Storing Fresh Herbs - a Guide by a Herb Enthusiast.
Using and storing culinary herbs is somewhat similar to using and storing lettuce. Herbs need to be rinsed before use or preservation. Even if they were cultivated and picked in a very clean way, there can be some dust and sand on them. Delicate borage flowers can be used as such because they could be damaged when rinsed and they don't grow very close to the ground. Just use some common sense.
Stored similar way as lettuce, the herbs will keep fresh for a short period of time refrigerated and kept in a closed plastic bag. This way of preservation is best suited for rosemary and thyme. The ideal storage temperature is over 43F. The most sensitive herbs, such as the leaves of basil and lemon balm, turn brown if stored in too cold.
You can also store herbs for a short period, two weeks at most, in cool water. There should be only little water in the container, so the herbs don't get too soggy. Remove the leaves near the stem and cut new suction surface daily. Also change the water and clean the container daily. If the herbs are too tightly packed in the water, they go bad more quickly.
Commercial potted herbs can be stored in their packaging in a refrigerator. If they dry up, you need to water them. Too low temperature should also be avoided.
Avoid storing fresh herbs with ethylene rich fruit and vegetables. Ethylene is a colorless gas that evaporates from plants, fruits, and vegetables when they ripen, age, or decompose. It accelerates the aging process of green plants and turns them yellow. Most ethylene is excreted from passion fruits, apples, bananas, peaches, pears, avocados, honeydew melons, and kiwi fruits.
You can store fresh herbs in little bit of oil or vinegar. You can shred some herbs into a jar and add oil while stirring. Make sure all the herbs are oiled. Then add some more oil until all the herbs are covered. These herbs can be used to season all dishes that allow the use of oil. Vinegar can also be used but the herbs are only good for salads after that.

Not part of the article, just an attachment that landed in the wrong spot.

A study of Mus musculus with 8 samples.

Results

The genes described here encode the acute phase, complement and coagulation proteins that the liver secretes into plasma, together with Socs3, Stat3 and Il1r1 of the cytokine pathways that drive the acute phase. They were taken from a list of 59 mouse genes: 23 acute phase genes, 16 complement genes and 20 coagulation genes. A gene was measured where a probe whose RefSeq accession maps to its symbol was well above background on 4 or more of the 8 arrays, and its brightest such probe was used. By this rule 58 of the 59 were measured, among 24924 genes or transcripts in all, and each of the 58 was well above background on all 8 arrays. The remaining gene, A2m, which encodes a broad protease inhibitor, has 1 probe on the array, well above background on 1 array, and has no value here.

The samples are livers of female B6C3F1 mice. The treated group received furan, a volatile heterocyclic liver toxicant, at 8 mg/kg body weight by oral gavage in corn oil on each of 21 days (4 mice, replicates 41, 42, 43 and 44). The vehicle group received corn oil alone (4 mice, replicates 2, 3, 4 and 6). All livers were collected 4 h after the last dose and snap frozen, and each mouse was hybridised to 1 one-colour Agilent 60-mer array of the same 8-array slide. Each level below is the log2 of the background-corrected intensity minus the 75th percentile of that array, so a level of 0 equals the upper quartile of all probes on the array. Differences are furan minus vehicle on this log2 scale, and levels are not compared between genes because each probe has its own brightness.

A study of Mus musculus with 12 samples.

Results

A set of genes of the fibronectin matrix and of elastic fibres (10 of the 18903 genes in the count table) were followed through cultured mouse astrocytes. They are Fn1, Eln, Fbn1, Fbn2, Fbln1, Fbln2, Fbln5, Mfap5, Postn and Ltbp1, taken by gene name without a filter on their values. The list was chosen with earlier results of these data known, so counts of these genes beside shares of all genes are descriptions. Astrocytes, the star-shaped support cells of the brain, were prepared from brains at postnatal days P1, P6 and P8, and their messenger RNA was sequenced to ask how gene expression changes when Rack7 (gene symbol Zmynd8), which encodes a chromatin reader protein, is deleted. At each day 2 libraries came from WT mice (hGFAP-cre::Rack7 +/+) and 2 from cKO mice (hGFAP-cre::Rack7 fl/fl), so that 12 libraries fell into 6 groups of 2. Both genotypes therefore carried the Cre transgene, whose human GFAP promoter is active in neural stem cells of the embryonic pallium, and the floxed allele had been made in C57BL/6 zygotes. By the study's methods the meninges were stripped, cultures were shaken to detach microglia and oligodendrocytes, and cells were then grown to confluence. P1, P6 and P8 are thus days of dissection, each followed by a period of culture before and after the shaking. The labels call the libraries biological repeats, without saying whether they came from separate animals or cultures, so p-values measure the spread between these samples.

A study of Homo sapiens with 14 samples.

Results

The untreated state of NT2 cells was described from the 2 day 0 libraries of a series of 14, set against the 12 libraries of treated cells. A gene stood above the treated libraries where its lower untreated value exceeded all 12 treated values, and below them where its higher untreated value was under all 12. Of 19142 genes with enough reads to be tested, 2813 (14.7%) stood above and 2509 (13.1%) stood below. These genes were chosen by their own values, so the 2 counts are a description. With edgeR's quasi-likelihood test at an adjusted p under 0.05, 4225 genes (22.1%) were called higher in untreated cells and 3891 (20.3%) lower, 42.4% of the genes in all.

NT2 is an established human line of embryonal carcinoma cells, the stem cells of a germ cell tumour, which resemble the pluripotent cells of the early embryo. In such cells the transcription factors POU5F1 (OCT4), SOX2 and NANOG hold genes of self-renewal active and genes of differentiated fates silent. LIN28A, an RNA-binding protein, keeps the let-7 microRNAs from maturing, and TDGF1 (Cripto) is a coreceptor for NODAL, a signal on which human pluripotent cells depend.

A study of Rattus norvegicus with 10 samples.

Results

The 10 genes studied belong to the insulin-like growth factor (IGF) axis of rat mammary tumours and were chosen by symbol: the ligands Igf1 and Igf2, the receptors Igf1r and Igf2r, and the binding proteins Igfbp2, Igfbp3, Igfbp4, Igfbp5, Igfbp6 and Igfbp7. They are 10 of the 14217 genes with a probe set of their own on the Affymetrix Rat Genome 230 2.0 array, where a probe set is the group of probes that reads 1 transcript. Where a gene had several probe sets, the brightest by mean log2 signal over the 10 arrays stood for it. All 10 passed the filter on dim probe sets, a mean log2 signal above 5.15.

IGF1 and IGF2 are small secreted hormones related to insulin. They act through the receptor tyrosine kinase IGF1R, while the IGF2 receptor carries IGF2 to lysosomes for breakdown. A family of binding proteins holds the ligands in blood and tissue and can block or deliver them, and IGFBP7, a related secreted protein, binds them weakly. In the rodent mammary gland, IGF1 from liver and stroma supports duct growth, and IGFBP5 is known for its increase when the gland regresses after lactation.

Freezing is a good preservation method. The herbs are frozen as whole twigs or leaves packed into foil, plastic bag or box. When icy, they are easy to be crushed using a rolling pin. The twigs can be cut to tiny pieces using scissors and added to the rest of the herbs. You can also use the twigs in stews and remove them before serving.
You can quickly boil the herbs up before freezing. This way they retain their color a little bit better. Boiling them isn't necessary though.
Drying is an old way to preserve herbs. When dried they retain their aroma for a couple of months to a year. If you have some excess fresh herbs, you can tie little bundles to a string and leave hanging in regular room air. Keep the herbs out of light to better retain their aroma. Drying will take two weeks to a month to using this technique.
Herbs are dried fast in warm air and even more faster if they've been stripped to separate leaves. You can use a commercial dehydrator or a regular electric oven. If you're using an oven, spread a thin layer of herbs onto the grid and make sure the temperature stays below 95F. Still warm, the herbs are packed into an air-tight and lightproof container. You don't want the herbs to suck the humidity from the air. Make sure your herbs are absolutely crisp dry before packaging so they don't mildew.